Our Works

Here you can find some of our publications in international, peer-reviewed journals

Epigenetics in Schizophrenia: A Pilot Study of Global DNA Methylation in Different Brain Regions Associated with Higher Cognitive Functions

Attempts to discover genes that are involved in the pathogenesis of major psychiatric disorders have been frustrating and often fruitless. Concern is building about the need to understand the complex ways in which nature and nurture interact to produce mental illness. We analyze the epigenome in several brain regions from schizophrenic patients with severe cognitive impairment using high-resolution (450K) DNA methylation array. We identified 139 differentially methylated CpG sites included in known and novel candidate genes sequences as well as in and intergenic sequences which functions remain unknown. We found that altered DNA methylation is not restricted to a particular region, but includes others such as CpG shelves and gene bodies, indicating the presence of different DNA methylation signatures depending on the brain area analyzed. Our findings suggest that epimutations are not relatables between different tissues or even between tissues’ regions, highlighting the need to adequately study brain samples to obtain reliable data concerning the epigenetics of schizophrenia.

From Linkage Studies to Epigenetics: What We Know and What We Need to Know in the Neurobiology of Schizophrenia

Schizophrenia is a complex psychiatric disorder characterized by the presence of positive, negative, and cognitive symptoms that lacks a unifying neuropathology. In the present paper, we will review the current understanding of molecular dysregulation in schizophrenia, including genetic and epigenetic studies. In relation to the latter, basic research suggests that normal cognition is regulated by epigenetic mechanisms and its dysfunction occurs upon epigenetic misregulation, providing new insights into missing heritability of complex psychiatric diseases, referring to the discrepancy between epidemiological heritability and the proportion of phenotypic variation explained by DNA sequence difference. In schizophrenia the absence of consistently replicated genetic effects together with evidence for lasting changes in gene expression after environmental exposures suggest a role of epigenetic mechanisms. In this review we will focus on epigenetic modifications as a key mechanism through which environmental factors interact with individual’s genetic constitution to affect risk of psychotic conditions throughout life.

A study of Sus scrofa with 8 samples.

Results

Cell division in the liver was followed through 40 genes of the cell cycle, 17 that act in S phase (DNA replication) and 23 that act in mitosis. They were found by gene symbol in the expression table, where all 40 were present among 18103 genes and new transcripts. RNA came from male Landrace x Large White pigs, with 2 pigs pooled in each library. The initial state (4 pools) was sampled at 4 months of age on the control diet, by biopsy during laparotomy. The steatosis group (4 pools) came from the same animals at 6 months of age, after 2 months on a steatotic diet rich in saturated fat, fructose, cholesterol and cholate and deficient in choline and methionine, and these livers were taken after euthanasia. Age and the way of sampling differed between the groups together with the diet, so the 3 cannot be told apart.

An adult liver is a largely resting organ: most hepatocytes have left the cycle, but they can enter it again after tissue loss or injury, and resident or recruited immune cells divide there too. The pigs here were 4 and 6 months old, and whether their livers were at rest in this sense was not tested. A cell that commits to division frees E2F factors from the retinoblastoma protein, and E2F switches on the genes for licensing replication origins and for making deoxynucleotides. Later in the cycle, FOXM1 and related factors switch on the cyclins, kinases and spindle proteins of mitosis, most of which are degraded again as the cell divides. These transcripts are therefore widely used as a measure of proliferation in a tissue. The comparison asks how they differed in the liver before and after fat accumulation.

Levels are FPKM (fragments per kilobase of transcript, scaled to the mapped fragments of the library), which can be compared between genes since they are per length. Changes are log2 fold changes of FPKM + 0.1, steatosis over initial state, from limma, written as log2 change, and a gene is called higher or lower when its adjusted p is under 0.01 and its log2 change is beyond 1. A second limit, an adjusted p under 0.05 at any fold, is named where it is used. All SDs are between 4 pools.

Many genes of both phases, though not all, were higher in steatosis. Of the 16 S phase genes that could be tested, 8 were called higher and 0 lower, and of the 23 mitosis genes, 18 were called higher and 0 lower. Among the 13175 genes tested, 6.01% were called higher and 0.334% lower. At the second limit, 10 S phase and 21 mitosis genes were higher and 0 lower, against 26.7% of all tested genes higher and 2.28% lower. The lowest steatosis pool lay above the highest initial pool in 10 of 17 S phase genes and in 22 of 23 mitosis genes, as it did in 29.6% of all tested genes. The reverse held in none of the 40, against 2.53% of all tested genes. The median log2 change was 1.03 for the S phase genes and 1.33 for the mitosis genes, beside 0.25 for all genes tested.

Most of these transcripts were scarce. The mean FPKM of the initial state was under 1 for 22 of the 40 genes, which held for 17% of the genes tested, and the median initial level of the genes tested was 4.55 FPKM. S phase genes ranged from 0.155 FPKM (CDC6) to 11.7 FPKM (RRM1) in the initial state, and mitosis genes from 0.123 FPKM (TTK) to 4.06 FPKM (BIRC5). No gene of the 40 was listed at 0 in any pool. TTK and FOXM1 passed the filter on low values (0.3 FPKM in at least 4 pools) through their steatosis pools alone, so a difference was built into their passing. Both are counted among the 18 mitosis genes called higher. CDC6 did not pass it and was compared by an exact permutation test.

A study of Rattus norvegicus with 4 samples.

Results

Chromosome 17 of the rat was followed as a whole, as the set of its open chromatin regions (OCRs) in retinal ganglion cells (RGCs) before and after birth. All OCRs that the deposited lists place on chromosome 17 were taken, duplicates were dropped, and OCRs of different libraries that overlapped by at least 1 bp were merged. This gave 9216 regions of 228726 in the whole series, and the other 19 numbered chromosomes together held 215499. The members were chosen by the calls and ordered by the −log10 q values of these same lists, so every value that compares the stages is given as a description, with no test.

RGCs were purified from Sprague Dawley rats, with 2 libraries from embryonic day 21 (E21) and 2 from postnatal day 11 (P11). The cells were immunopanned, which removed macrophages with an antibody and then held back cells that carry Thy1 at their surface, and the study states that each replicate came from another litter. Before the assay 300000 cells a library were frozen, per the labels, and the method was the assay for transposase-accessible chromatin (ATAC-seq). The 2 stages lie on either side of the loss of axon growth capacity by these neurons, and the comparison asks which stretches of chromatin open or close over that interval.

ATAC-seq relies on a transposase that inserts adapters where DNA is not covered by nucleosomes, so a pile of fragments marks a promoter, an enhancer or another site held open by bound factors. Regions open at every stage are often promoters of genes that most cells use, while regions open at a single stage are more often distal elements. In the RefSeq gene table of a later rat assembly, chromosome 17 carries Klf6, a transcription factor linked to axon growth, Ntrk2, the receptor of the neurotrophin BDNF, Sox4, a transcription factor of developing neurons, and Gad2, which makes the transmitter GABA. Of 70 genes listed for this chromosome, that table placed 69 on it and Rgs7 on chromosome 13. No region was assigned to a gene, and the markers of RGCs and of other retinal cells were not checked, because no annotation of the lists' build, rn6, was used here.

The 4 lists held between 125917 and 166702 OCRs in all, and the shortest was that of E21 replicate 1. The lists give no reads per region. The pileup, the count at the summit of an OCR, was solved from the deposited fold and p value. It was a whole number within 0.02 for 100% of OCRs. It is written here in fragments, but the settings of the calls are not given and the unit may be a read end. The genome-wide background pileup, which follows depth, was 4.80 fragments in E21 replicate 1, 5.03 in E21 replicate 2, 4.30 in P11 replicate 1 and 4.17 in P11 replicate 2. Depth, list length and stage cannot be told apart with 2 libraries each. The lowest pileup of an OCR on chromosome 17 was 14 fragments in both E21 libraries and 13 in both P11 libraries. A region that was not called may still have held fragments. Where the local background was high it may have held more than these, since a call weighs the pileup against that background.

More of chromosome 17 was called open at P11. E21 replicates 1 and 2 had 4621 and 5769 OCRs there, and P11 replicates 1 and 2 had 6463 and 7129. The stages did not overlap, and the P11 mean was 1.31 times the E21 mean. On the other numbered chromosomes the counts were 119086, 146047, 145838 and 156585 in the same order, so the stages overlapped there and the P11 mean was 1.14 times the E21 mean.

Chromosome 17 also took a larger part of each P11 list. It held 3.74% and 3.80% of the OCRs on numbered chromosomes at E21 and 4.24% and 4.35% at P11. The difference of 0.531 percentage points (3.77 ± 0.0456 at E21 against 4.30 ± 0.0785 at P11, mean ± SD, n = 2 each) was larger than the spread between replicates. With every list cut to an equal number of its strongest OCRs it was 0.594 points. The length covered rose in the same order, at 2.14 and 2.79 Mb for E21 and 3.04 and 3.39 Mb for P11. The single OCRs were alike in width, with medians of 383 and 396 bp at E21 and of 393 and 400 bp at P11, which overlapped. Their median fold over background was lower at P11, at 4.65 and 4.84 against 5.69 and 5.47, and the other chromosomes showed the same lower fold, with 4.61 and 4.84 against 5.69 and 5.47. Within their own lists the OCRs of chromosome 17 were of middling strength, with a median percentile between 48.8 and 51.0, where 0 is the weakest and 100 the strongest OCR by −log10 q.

Rethinking the Epigenetic Framework to Unravel the Molecular Pathology of Schizophrenia

Schizophrenia is a complex mental disorder whose causes are still far from being known. Although researchers have focused on genetic or environmental contributions to the disease, we still lack a scientific framework that joins molecular and clinical findings. Epigenetic can explain how environmental variables may affect gene expression without modifying the DNA sequence. In fact, neuroepigenomics represents an effort to unify the research available on the molecular pathology of mental diseases, which has been carried out through several approaches ranging from interrogating single DNA methylation events and hydroxymethylation patterns, to epigenome-wide association studies, as well as studying post-translational modifications of histones, or nucleosomal positioning. The high dependence on tissues with epigenetic marks compels scientists to refine their sampling procedures, and in this review, we will focus on findings obtained from brain tissue. Despite our efforts, we still need to refine our hypothesis generation process to obtain real knowledge from a neuroepigenomic framework, to avoid the creation of more noise on this innovative point of view; this may help us to definitively unravel the molecular pathology of severe mental illnesses, such as schizophrenia.